To a Young Ass



The poem "To a Young Jack Ass" or "To a Young Ass, Its Mother Being Tethered Near It" was composed during October 1794.[1] It was inspired by a scene of a jack ass at Jesus Green. Soon after, the poem was published in the Morning Chronicle 9 December 1794 and marks the first time that Coleridge publicly talks about his idea of Pantisocracy.[2] The poem was published in Coleridge's 1796 edition of poems and was revised for the 1797 edition. These later editions alter lines 27–36 to remove mention of Pantisocracy.[3]


The poem begins by addressing the oppressed foal:[4]

Poor little Foal of an oppressed Race!
I love the languid Patience of thy face:
And oft with gentle hand I give thee bread,
And clap thy ragged Coat, and pat thy head. (lines 1–4)

The foal responds to the narrator, and the two form a bond:[5]

How askingly its footsteps hither bend?
It seems to say, "And have I then one Friend?"
Innocent Foal! thou poor despis'd Forlorn!
I haill thee BROTHER—spite of the fool's scorn! (lines 23–26)

The 1794 edition of the poem included a political meaning. Lines starting at 27 originally read:[1]

And fain I'd take thee with me to the Dell,
Where high-soul'd PANTISOCRACY shall dwell!
Where Mirth shall tickle Plenty's ribless side,
And Smiles from Beauty's Lip on sunbeams glide; (lines 27–30)


The poem links the image of a jack ass, a low form of animal, with the narrator to reverse the natural order of the world.[1] As part of Coleridge's political concept of Pantioscracy, man would connect to nature. In a letter to Francis Wrangham, dated 24 October 1794, Coleridge wrote:[6]

If there be any whom I deem worthy of remembrance — I am their Brother. I call even my Cat Sister in the Fraternity of universal Nature. Owls I respect & Jack Asses I love: for Alderman & Hogs, Bishops & Royston Crows, I have not particular partiality —; they are my Cousins however, at least by Courtesy. But Kings, Wolves, Tygers, Generals, Ministers, & Hyaenas, I renounce them all... May the Almighty Pantisocratizer of Souls pantisocratize the Earth, and bless you and S. T. Coleridge.[7]

The poem was built off this playful idea and includes a mix of comedy along with a connection between the narrator and the jack ass that was part of "an oppressed Race".[2] The response by the narrator is to feel compassion with an animal in distress, and he seeks to comfort the animal. In this view, Coleridge contradicts Godwin's and Mary Wollstonecraft's belief that you cannot befriend animals. Their argument is based on the idea that reason is needed to understand virtue, but Coleridge focuses on the emotional response that creates a bond between man and animal.[8]

The poem does rely on the ideas of Pantiosocracy, being connected to nature, and the idea of "One Life" that would appear in many of his later poems.[2] However, the revised version removes the mention of Pantioscracy. The lines made light of Pantiosocracy, and some later critics, including William Empson, feel that Coleridge removed the lines because Coleridge was afraid of the public laughing at his ideas. However, Zachary Leader argues that "he wanted them laughed at. He just did not want them laughed at the wrong way."[9]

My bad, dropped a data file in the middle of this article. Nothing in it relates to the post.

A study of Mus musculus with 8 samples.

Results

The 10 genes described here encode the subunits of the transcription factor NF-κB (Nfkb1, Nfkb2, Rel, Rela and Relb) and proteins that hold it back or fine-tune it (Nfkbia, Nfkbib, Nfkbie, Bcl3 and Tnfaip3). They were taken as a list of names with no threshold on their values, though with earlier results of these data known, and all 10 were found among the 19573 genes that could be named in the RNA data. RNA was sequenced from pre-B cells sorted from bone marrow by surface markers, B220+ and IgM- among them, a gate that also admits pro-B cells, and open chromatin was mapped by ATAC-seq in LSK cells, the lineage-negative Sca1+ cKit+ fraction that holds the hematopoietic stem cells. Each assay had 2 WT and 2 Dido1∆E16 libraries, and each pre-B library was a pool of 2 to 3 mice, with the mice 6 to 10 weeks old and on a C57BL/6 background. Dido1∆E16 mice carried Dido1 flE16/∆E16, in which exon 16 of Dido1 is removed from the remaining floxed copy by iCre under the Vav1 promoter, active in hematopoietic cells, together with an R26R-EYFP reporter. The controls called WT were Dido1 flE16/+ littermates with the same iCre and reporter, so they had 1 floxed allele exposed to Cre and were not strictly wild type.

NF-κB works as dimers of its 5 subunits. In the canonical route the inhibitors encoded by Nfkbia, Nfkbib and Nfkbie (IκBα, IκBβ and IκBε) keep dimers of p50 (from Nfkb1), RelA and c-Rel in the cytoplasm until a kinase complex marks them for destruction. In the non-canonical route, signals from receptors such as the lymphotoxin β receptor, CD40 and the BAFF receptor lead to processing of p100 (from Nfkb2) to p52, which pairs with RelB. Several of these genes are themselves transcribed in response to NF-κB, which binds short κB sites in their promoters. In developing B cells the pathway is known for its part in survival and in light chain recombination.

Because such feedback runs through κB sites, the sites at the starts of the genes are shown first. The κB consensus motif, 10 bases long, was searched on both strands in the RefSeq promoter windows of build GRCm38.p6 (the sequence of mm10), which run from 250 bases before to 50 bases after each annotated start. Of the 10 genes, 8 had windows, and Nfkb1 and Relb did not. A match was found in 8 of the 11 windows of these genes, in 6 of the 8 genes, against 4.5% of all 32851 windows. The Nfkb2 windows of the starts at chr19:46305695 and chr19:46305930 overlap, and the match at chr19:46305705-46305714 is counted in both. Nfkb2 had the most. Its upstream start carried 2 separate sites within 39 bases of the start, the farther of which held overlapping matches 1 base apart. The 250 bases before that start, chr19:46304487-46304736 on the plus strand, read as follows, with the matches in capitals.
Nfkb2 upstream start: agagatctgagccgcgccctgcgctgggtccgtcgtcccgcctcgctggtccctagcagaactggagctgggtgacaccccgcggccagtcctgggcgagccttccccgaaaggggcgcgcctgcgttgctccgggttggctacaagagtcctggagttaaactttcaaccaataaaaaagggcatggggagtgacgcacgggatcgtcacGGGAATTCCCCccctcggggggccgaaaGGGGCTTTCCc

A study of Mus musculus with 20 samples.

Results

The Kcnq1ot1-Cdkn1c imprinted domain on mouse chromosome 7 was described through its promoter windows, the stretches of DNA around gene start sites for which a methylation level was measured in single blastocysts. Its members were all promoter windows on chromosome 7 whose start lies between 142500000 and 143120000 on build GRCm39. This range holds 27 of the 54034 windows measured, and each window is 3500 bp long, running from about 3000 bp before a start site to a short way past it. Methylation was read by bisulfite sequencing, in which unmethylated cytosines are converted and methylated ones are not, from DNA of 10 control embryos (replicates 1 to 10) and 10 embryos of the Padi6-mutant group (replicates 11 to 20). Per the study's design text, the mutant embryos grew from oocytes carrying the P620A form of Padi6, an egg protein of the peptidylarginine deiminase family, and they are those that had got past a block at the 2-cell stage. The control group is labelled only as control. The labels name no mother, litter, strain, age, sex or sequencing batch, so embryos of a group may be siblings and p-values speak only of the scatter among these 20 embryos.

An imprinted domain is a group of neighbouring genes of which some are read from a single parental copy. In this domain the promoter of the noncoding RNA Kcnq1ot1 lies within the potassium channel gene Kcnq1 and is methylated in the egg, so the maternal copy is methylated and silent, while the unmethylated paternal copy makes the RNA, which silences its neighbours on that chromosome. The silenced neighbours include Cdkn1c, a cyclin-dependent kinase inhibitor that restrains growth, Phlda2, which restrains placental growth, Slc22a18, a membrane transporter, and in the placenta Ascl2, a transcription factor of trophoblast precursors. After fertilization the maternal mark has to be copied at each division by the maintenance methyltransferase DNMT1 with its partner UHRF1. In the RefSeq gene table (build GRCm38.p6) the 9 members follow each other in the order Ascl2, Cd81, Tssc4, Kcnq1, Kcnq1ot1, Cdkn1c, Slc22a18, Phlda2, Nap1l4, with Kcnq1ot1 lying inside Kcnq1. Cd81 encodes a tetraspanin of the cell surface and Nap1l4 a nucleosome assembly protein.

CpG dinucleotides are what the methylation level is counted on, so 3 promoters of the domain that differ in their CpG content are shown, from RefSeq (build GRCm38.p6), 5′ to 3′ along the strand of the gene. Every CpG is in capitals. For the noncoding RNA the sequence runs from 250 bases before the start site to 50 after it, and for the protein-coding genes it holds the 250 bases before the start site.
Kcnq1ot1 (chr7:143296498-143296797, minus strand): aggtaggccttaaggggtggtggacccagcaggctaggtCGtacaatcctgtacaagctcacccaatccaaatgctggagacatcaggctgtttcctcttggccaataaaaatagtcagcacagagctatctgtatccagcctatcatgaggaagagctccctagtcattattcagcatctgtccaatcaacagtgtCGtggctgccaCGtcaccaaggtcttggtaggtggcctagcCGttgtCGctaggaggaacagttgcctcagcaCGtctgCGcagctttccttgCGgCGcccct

This was a common image in the 18th-century, with many philosophers and writers, including Godwin, William Shield, and others, releasing their horses and mules to walk alongside them. A direct literary connection is to William Crowe's "To an Ass" (1793) and the poem incorporates a quote from William Shakespeare's Hamlet. The idea of connecting with a lowly form of animal also appears in many literary works, including Robert Burns poems (example – "To a Mouse"), Southey's poems (example – "To a Spider"), the works of Lawrence Sterne (both Tristram Shandy and A Sentimental Journey) and Cervantes's Don Quixote.[3]


Richard Holmes, Coleridge's 20th-century biographer, points out that, in Coleridge's 1796 collection, "The poem which had the most popular impact remained the controversial 'To a Young Jack Ass'."[10] The poem inspired James Gillray to poke fun at Coleridge, William Godwin, and Robert Southey by depicting them with the ears of a jack ass in a caricature titled "New Morality" in the July 1798 Anti-Jacobin Magazine. Likewise, James and Horace Smith parodied the poem in a piece called "Play house Musings".[1] George Gordon Byron would mention the Gillray image in his English Bards and Scotch Renewers series later.[11] Of the criticism, Coleridge was not bothered by anything except Gillray's description under the illustration that contained a negative biographical description, claiming that Coleridge was a deist while at Cambridge and that he left England and his family to explore the world.[12]


  1. ^ a b c d Mays 2001 p. 146
  2. ^ a b c Holmes 1989 pp. 82–83
  3. ^ a b Mays 2001 pp. 146–147
  4. ^ Sisman 2006 p. 91
  5. ^ Taussig 2002 p. 126
  6. ^ Holmes 1989 pp. 81–82
  7. ^ Holmes 1989 qtd. p. 82
  8. ^ Taussig 2002 pp. 125–126
  9. ^ Leader 1999 pp. 139–140
  10. ^ Holmes 1989 p. 113
  11. ^ Holmes 1989 p. 83
  12. ^ Sisman 2006 p. 293


  • Holmes, Richard. Coleridge: Early Visions, 1772–1804. New York: Pantheon, 1989.
  • Leader, Zachary. Revision and Romantic Authorship. Oxford: Oxford University Press, 1999.
  • Mays, J. C. C. (editor). The Collected Works of Samuel Taylor Coleridge: Poetical Works I Vol I.I. Princeton: Princeton University Press, 2001.
  • Sisman, Adam. The Friendship. New York: Viking, 2006.
  • Taussig, Gurion. Coleridge and the Idea of Friendship, 1789–1804. Newark: University of Delaware Press, 2002.